Why You Should Be Tracking Your Food If You Want To Make Improvements

I get it.

I’ve heard (and used) the excuses against tracking food, counting calories, etc. It’s time consuming, frustrating when you can’t find the exact food, it becomes obsessive and stressful, and you just want to be able to eat healthy without counting calories, right?!

I hear ya, but look, there’s really no way around it— if you want to learn how to eat optimally for your goals without tracking or counting, you need to learn to track or count first. Why? Because not taking time to truly LEARN and UNDERSTAND how much is too much or how little is too little is like saying you just want to be able to bake homemade cookies without measuring cups. 

You totally can bake cookies without measuring, but will they taste right? Maybe?

You can totally eat "healthy" foods without counting or tracking, but will you see the results you want to see? Maybe. And what's actually time consuming, frustrating, obsessive and stressful is staying right where you are any our weight or overall health because you aren't willing to do what it takes on the front end to get to where you want to be.

I’m all about getting to the point in your nutrition where counting and tracking isn’t necessary, but I also think everyone needs to start there to gain a basic understanding of what they’re ingesting and how it’s affecting them. 

For me, it’s very simple: If you don’t understand what’s in food and how much you need to be eating, you can’t manipulate food in a way that’s optimal for you and your goals. Period. 

If you don’t start baking with measuring cups and the recipe laid out in front of you, you’ll end up frustrated with nasty cookies all because you were too stubborn to take the time to learn how to do it. 

That’s all tracking or counting calories is: learning. It’s not obsessive or overboard. It’s not a waste of time or too meticulous, (unless you think having knowledge is a waste of time.) Tracking my food has taught me SO much about what I’m eating— especially when I choose not to track or am unable to track (eating out, special recipes, etc.)

I can eyeball a 4 oz serving of chicken. I can feel 40 grams of oatmeal in my fist when I grab it out of the container. I know what 1 serving of cheese is and how many carbs I need to do all of the activities I want to do on a daily basis. 


Like with anything you’re new to, there’s a learning curve, but also like anything you’re new to— you eventually master it. I highly recommend MyFitnessPal because the learning curve is super short and you will master it in a week or less easily.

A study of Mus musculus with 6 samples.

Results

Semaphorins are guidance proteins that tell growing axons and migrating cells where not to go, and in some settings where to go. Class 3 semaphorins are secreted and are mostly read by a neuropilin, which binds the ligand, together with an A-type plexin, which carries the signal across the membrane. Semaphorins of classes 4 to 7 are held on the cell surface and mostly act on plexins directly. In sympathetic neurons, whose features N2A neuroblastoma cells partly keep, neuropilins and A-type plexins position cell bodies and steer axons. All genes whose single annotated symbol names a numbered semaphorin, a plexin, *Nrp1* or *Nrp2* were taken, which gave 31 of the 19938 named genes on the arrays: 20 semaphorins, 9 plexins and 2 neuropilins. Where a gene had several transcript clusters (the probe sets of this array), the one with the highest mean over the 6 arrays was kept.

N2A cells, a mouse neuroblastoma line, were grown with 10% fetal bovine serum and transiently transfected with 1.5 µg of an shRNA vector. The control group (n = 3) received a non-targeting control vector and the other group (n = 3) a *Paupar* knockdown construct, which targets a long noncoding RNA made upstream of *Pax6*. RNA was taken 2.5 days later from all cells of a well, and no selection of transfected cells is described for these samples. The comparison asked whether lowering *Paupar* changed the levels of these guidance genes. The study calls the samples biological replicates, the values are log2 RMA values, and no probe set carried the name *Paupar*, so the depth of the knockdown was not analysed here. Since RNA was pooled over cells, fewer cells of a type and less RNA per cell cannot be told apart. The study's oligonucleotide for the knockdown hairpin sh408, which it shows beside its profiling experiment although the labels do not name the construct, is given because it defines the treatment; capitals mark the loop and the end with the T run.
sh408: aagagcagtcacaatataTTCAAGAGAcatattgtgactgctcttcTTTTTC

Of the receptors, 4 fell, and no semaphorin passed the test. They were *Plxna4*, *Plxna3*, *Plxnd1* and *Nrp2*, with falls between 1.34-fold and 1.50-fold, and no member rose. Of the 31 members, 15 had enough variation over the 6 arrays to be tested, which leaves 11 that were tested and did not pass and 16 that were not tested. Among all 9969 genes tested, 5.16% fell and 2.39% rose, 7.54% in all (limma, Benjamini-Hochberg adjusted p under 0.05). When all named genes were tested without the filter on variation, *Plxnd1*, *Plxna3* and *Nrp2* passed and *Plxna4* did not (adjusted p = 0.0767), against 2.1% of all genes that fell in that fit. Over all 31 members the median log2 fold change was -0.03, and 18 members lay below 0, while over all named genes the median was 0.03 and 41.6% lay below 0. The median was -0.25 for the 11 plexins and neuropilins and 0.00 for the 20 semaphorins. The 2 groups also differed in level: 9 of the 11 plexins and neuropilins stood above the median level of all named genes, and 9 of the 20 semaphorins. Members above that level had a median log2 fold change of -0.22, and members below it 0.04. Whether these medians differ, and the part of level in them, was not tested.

Another tool I highly recommend in addition to MyFitnessPal to learn more about what and how you’re eating is a food scale. When a package of chicken breasts says “4 oz” is a serving, do you automatically assume that’s 1 breast? It’s usually not. A food scale is your best friend when it comes to serving size, and you’d probably be surprised on both how much you’re eating and how little you’re eating.



I’d also like to point out that I am not necessarily counting calories with MyFitnessPal but macronutrients. Macronutrients (“macros” for short) are protein, carbs, and fats. The theory behind this is that 1800 calories of chips, candy bars and maybe a cup of fruit with your Chick-Fil-A sandwich is a lot different than 1800 calories of lean meat, vegetables, healthy fats and maybe a couple squares of a Hershey’s bar. 


Calorie-wise, there’s no difference in 4 oz of chicken and 1/2 a snickers bar, but in WW, chicken is free and a 1/2 snickers bar is probably 6+ points. This is because of the macronutrient breakdown. There is probably 1g of protein in a snickers bar, along with 20g of fat and 20+ g of sugary carbs. Do you see the difference between strictly calorie counting and macronutrient tracking? Don’t get me wrong, the formula for weight loss doesn’t change no matter what you count: more out than in = weight loss, but if you’re also interested in internal health and encouraging your body to burn and build appropriately, macronutrients are a more effective focus than strictly calories. 

If you want to get started tracking but are still afraid to dive all the way in, start with the biggest overarching theory behind counting macros and calories: awareness. Start to become aware of exactly what you eat. Read a food label. Keep a note in your phone of what you’re eating. Awareness is the key to even desiring to make a change. 

Next week, I’m continuing my MyFitnessPal fangirl-ing and teaching you the ins and outs of using my favorite little health tool. Stay tuned!